Background on the Gospel of Mark


The Gospel of Mark is attributed to Mark, also known as John Mark. We say attributed because the all of the gospels were written anonymously– the authors did not identify themselves; at least not explicitly.  Mark was always believed to be the author of this Gospel, and there are few, if any challenges to this statement. The Gospel of Mark was never a controversial gospel. The early church fathers accepted the Gospel as legitimate and there was no argument about including it in the canon. This means that no one doubted that it was an authentic account of the life of Jesus Christ.

Mark was a disciple of Peter, and was active in the early church. When Peter was miraculously freed from prison, he ran to the house of Mark’s mother, where Christians had gathered to pray (Acts 12:2). While Mark was not one of the “twelve”, the Apostle Peter led Mark to his conversion to Christianity, as he called Mark his spiritual son (1 Peter 5:13), and Mark used Peter’s teachings as a source for his Gospel. Mark was also a cousin of the early church disciple Barnabas (Col. 4:10), and accompanied both Paul and Barnabas on missions. Mark’s decision not to continue on with Barnabas and Paul on their first mission caused a rift between Paul and Barnabas, as Paul refused to take John Mark on a second missionary journey (Acts 15:37-39). However, the relationship between Paul and Mark was evidently repaired as he is noted to be with an imprisoned Paul (Col. 4:10), and In Paul’s final letter, before he was executed, he asked Timothy to send Mark to him (2Tim. 4:11).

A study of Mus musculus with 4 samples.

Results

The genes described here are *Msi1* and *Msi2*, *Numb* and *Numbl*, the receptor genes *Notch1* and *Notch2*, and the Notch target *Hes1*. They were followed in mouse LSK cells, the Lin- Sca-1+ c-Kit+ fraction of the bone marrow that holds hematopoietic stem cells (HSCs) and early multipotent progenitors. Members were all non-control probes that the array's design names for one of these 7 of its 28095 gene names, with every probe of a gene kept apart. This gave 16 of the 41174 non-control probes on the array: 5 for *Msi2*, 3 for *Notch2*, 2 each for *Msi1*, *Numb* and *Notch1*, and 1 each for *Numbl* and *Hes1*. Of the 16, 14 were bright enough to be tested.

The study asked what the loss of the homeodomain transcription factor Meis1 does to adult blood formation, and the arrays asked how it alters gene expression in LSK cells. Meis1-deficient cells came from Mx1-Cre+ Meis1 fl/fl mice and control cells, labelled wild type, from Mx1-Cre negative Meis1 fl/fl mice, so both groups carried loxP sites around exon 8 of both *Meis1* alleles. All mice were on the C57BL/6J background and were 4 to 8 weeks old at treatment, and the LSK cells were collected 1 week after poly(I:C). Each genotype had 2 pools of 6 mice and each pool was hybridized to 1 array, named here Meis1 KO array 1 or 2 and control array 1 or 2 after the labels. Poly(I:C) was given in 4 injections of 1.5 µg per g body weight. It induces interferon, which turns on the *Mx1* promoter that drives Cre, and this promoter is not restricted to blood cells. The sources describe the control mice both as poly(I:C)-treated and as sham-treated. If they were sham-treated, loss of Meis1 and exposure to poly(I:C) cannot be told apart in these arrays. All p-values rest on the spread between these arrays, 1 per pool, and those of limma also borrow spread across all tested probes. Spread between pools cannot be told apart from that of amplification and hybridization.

Mark is the oldest of the Gospels, with scholars generally suggesting a date between 60 and 70 A.D. Some scholars date it back to 50 A.D., which would bring it  within a remarkable 20 years of Christ’s death and resurrection, which occurred in 33 A.D.  The next oldest Gospel would be the Gospel of Matthew, written in 70 A.D.

Mark is also the shortest of the gospels. Despite its brevity, being a mere sixteen chapters containing only 678 verses, the Gospel of Mark does not lack in character, detail, emotion, or truth when it comes to proclaiming Jesus Christ as the Son of God. The Gospel of Mark is a bright light of its own, and there are several attributes that illustrate it has a special purpose. The Gospel would later serve as a source for both Luke and Matthew as they composed their own Gospels.

Mark’s Gospel was written with the Gentile audience in mind. Mark wants to be sure those without a knowledge of Jewish traditions and background would understand the good news about Jesus. For instance, Mark does not include a genealogy, as it would not have been of interest to the Gentiles. He also explains Jewish customs (7:2-4; 15:42) and translated Aramaic words (3:17; 5:41; 7:11,34; 15:22,34). He would have learned and understood this style from his work with Paul and Peter.

In Mark, Jesus is a servant of divine authority.  Mark’s Gospel is an action-driven. It focuses  on the public ministry of Christ, more on what Christ did than what he said. It describes Christ as a teacher, a preacher, a healer, and a savior. The fast paced activity results in an imminent meeting with the cross for both Christ and the audience, where we must ask ourselves what we believe.